An international analysis has uncovered 23 previously unknown

An international analysis has uncovered 23 previously unknown gene variants linked to elevated prostate cancer risk, findings that scientists say ultimately could lead to genetic screenings. Credit: iStock

For those who believe in the Affordable Care Act's promise of more humane coverage for more people, the recent news about drug costs is discouraging.

The most effective drugs for some of the most serious diseases -- cancer, HIV/AIDS, diabetes, rheumatoid arthritis, multiple sclerosis, asthma, mental illness -- can cost individuals who can least afford it thousands of dollars a month in copays. In some cases, desperate people are going without the medicines that could save their lives.

Dr. William Harvey of the American College of Rheumatology recently told this story to a congressional panel: A 30-year-old Wisconsin mom with rheumatoid arthritis cannot afford the best treatment -- known as a biologic -- because of high copays and deductibles.

The woman's hands and feet were deteriorating, becoming stiff and swollen. She was trying to ease the pain with an anti-inflammatory drug, prednisone, but was having trouble caring for her children, and soon she might lose her job.

The medication she needs costs as much as $30,000 a year, and through the ACA, she would be expected to pay up to 60 percent, or $1,500 a month.

People like Harvey are calling on Congress to force health insurers to pay more toward the cost of these drugs through the proposed Patients' Access to Treatments Act. Instead, insurance companies say, drugmakers should lower their prices.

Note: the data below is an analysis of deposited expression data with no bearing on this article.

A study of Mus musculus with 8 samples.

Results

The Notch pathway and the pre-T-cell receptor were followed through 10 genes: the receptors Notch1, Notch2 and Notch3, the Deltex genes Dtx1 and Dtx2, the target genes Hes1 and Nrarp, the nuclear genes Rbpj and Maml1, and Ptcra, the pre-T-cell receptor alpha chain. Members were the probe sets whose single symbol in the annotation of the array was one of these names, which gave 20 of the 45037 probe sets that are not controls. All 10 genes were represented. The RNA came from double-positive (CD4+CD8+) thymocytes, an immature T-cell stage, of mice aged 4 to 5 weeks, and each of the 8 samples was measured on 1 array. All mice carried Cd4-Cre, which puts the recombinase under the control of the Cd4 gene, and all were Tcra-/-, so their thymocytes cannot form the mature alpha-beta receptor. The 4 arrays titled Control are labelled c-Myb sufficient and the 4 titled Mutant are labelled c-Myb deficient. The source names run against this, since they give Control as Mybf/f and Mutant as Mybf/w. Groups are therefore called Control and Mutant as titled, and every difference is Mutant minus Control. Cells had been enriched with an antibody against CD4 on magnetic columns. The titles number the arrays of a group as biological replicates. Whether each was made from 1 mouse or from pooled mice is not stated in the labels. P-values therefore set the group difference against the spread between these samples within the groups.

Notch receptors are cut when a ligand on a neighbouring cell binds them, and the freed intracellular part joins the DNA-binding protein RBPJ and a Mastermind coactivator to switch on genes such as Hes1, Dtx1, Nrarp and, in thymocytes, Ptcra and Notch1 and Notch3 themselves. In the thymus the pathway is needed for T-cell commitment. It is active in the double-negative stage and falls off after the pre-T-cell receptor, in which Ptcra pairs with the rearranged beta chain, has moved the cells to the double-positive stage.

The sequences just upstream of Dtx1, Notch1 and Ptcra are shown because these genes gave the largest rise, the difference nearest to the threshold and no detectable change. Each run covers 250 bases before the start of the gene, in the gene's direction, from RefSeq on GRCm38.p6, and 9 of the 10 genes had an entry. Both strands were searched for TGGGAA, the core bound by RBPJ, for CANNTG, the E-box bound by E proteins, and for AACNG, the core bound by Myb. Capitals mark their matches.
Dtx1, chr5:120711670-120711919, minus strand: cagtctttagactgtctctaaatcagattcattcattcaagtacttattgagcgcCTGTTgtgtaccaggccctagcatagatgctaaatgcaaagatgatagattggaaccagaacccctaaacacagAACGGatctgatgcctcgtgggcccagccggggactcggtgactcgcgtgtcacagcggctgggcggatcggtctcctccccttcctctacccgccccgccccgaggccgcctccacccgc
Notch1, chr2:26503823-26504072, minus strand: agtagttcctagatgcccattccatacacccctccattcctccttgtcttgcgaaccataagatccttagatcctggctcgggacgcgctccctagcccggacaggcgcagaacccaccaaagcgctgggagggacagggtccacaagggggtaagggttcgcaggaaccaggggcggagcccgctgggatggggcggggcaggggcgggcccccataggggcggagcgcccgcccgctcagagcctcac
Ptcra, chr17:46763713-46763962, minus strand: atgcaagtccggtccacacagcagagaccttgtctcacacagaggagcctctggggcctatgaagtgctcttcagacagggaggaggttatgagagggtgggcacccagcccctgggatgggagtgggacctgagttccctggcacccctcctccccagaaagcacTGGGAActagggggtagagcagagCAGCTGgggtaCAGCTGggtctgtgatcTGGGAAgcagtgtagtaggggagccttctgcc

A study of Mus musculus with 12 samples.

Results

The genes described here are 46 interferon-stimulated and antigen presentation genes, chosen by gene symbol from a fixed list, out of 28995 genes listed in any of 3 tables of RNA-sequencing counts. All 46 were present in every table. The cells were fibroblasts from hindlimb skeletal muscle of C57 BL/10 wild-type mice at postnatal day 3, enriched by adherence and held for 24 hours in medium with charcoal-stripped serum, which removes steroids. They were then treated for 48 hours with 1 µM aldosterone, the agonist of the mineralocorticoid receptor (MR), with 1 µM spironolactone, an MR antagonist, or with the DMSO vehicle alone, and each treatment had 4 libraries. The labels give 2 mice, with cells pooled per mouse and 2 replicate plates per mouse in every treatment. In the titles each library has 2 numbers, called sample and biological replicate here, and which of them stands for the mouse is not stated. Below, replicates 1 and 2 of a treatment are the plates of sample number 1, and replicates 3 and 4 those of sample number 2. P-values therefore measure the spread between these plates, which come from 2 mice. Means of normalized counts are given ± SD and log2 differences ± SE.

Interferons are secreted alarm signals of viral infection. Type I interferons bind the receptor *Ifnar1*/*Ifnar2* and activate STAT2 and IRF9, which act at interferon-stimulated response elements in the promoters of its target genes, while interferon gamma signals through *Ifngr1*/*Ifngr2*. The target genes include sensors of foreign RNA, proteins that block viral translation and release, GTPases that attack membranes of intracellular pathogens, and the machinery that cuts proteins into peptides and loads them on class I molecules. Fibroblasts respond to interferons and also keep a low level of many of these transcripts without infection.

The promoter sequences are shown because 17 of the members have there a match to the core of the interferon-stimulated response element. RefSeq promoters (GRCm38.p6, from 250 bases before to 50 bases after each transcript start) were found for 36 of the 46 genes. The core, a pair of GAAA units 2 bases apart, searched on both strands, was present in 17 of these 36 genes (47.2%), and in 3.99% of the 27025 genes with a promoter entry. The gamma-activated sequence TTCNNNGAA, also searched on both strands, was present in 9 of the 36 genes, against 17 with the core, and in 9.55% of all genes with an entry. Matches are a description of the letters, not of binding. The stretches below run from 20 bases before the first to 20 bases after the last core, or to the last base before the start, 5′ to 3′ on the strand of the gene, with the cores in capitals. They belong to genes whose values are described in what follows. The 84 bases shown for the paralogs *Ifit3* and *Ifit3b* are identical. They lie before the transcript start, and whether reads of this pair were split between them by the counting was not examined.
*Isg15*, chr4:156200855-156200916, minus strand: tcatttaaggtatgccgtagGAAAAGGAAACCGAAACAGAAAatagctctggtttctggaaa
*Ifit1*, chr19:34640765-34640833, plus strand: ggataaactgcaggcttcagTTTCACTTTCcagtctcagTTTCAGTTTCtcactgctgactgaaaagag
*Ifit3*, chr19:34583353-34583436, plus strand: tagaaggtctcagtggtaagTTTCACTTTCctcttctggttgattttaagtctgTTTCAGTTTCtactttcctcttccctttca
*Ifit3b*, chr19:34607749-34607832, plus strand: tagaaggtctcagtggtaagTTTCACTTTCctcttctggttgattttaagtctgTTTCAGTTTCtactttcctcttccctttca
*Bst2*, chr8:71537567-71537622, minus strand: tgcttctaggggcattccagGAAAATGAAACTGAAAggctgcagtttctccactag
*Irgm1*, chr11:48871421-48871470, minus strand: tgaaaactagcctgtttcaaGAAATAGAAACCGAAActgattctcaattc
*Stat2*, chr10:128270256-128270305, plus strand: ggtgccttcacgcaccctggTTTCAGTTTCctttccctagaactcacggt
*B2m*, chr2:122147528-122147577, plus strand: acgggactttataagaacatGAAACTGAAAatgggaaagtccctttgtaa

My solution would be some of each.

The government could write stricter rules for insurers. In Florida, four companies in the health exchanges require thousands of dollars in copays from patients with HIV or AIDS. It's a sneaky way to get the sickest people to opt for another insurance company -- a profit-maximizing game insurers have played with Americans for decades, with denials for pre-existing conditions and lifetime caps on coverage. Now, those are gone, thanks to the ACA.

If insurers are allowed to price certain therapies out of reach -- through a complicated system of formularies, tiers and classes -- the practice could spread beyond ACA health care exchanges.

"It's uncharted territory," said Wayne Turner, staff attorney for the National Health Law Program, which has filed a formal complaint about Florida's HIV/AIDS coverage. "The insurance industry has been able to exercise a great deal of discretion" over drug coverage.

For example, one man emailed recently to say that his friend can't get a specific cancer drug through his private insurance plan because of the cost. These are questions of life and death.

I'm sympathetic to insurers that have been forced to cover vastly more people and offer new benefits. But can we accept them making profits by denying care?

A single multiple sclerosis drug can cost $4,420 a month, or $53,000 a year. A new hepatitis C treatment, Sovaldi, comes with a price tag of $84,000 for a 12-week cure. To contain expenses, Oregon offers Sovaldi to just one in 10 Medicaid recipients infected with this liver-attacking disease -- the very sickest patients.

Three patients in Arkansas are suing for access to Kalydeco, a cystic fibrosis drug that costs about $300,000 a year.

Many drugmakers offer financial breaks to those who can't afford their medicines, but the programs are limited and require patients to become their own best advocates. That can be asking a lot from someone in a hospital bed.

American health care is facing some difficult choices: Will we ration people's ability to work, parent or even go on living based on the size of their wallets?

Passing Obamacare was just the beginning.